Since I decided to host the British Food Fortnight Challenge a few weeks ago, I've been trying hard to decide what I should cook for the challenge. At first, I thought I'd go for a traditional British pud - treacle tart, perhaps? As the days passed, I decided that I'd focus on some of the best produce our nation produces and thought I'd plunk for something meat-based. Beef Wellington is a favourite, but is hardly credit crunch-friendly (...and as I had no plans to entertain this week, I thought it a little decadent to make for one).
I then decided that I'd like to challenge myself a little and attempt something I haven't made before. I have a bit of an issue with rice. I virtually never cook it. I'm hopeless when it comes to cooking the stuff. Actually, the truth be told, I'm not really hopeless at it. I just have a fear of cooking rice. I'm convinced I'll get it wrong. Either it'll be one big sticky, lumpy mess or it'll stick to the pan and have to be chiseled off, or it'll be more al dente than an uncooked potato.
However, a dish that I've loved since childhood is
There are many variations of kedgeree. The basics are fish (traditionally smoked haddock), rice, eggs and butter. The quality of these are all key to the success of this dish. I made mine with smoked haddock but you may prefer to plunk for a more sustainable species. I think that smoked mackerel would work quite well. Salmon is a good choice too, though quite different.
This recipe worked out just as I hoped. It is a combination of around 6 different recipes as I couldn't find one that sounded just right. Cooking the rice in the poaching liquid is key - adds so much flavour. I've kept my version fairly basic, just enriching it with a touch of cream. But peas, spinach or tomatoes would be valid (if nontraditional) additions.
2 fillets Scottish smoked haddock (traditionally smoked and undyed*)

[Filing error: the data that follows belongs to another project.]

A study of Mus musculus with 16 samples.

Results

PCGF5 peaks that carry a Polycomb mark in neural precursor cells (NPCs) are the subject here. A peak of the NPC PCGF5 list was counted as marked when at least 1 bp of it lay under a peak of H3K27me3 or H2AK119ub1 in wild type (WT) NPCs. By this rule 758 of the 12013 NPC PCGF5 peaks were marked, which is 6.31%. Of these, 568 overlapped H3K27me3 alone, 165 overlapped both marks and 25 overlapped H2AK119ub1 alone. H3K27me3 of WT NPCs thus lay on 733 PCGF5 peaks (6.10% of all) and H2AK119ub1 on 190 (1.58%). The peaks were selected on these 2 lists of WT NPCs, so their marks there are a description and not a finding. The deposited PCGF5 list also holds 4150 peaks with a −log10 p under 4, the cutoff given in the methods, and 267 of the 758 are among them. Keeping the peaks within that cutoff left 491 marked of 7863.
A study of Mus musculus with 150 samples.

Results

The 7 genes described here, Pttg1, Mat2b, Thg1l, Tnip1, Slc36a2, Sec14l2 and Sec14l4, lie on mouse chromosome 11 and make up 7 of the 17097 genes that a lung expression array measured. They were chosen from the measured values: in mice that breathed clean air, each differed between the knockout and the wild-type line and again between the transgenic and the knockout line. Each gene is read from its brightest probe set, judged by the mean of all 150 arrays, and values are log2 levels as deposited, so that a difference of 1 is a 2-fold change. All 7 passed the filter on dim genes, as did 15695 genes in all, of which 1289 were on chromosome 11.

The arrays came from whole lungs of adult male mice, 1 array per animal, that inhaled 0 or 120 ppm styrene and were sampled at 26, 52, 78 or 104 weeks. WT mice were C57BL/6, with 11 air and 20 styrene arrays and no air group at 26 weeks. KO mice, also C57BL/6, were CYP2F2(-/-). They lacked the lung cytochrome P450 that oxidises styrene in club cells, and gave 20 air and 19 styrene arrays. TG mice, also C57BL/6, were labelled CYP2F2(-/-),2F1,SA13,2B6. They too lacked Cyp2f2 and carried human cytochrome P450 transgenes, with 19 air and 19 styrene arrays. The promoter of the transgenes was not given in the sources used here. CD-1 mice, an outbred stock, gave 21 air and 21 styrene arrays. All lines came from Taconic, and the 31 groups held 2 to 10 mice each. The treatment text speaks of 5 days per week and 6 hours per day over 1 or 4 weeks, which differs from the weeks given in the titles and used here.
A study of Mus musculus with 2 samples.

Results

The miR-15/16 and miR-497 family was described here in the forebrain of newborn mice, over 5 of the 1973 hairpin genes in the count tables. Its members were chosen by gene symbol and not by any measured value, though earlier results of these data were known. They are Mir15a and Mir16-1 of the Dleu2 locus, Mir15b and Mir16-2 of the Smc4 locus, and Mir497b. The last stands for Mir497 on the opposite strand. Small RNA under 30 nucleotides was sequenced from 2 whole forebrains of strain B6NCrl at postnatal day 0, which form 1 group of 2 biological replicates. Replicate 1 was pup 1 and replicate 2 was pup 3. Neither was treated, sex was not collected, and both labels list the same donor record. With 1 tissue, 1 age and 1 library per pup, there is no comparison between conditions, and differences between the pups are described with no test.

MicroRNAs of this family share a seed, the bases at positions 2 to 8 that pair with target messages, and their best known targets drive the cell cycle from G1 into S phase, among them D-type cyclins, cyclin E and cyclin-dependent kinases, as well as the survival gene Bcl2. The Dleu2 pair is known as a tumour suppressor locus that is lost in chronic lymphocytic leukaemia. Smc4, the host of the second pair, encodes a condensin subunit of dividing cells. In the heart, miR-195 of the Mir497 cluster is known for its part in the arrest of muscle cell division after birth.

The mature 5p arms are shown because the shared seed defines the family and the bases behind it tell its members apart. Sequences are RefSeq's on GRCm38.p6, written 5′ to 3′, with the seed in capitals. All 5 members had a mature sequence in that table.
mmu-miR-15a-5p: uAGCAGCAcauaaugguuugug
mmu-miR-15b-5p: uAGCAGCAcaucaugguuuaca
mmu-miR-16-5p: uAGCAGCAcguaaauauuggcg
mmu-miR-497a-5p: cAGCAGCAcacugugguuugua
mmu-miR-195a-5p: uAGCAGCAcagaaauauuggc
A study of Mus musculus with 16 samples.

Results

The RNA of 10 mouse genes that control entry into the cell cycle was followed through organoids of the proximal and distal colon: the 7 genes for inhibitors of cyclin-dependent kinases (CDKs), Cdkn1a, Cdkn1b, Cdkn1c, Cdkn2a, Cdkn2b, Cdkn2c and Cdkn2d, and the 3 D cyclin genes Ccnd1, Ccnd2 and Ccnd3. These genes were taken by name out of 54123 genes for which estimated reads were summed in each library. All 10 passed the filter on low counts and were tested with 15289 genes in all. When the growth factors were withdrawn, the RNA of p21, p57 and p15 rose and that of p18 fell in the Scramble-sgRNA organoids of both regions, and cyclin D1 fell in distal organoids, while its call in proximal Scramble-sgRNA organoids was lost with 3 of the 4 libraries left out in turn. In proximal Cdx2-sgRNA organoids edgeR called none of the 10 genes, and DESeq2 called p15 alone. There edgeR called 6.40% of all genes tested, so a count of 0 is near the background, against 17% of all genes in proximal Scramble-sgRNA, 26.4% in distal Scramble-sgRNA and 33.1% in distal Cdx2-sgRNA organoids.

1 mug long-grained rice
2 free-range organic eggs
a good few knobs of butter
1tsp medium curry powder
1/2 an onion (or 1 very small one), chopped
a very generous handful of parsley
a small handful coriander (optional)
1 tbsp double cream (optional)
1. Place the haddock in a pan and just cover with water. Add a bay leaf and bring to simmer. Poach for around 10 minutes or until the fish is cooked through and easily flakeable. Remove with slotted spoon and place in a dish, covered with foil in a very low oven to keep warm. Do not throw away the poaching liquid. Pour it into a measuring jug.
2. In another pan, melt a knob of butter and gently sweat the chopped onion. Meanwhile, give the rice a good rinse and add to the buttery onion. Stir to coat the rice and add the curry powder and mix gently. Pour poaching liquid into same mug that you used to measure the rice - you need two mugfuls in total (i.e. double the volume of rice). If you don't have enough, top up with water. Pour over rice, stir once and bring to the boil. Cover and simmer very gently for 15 minutes, or until rice is tender.
3. Meanwhile, hard-boil the eggs in a pan of simmering water.
4. Whilst you are waiting for this to do, utilise your brand-new mezzaluna to chop copious amounts of parsley. Try not to get too excited or carried away event though mezzaluna chopping is so satisfying...
5. Peel the eggs and chop into quarters (or smaller, if you prefer). Flake the fish into the rice and stir to combine. Add the herbs, another decent knob of butter, the cream (if using) and the eggs. Heat through gently and stir to combine all the flavours. Squeeze over the juice from half a lemon (or to taste). Add pepper and salt but go easily on the salt as the fish may be quite salty (taste to be sure).
6. Serve, garnished with more parsley and a little cayenne pepper.
*Traditionally-smoked haddock should have a natural yellowy colour - if it is very white, it has not seen enough smoke. If it is bright yellow, it has been dyed to make up for the lack of natural colouring that should arise from proper smoking.
N.B. The herbs came from my garden. The haddock from Scotland. The eggs from Monmouthshire, butter and cream are British. The rice, spices and lemon are sadly not!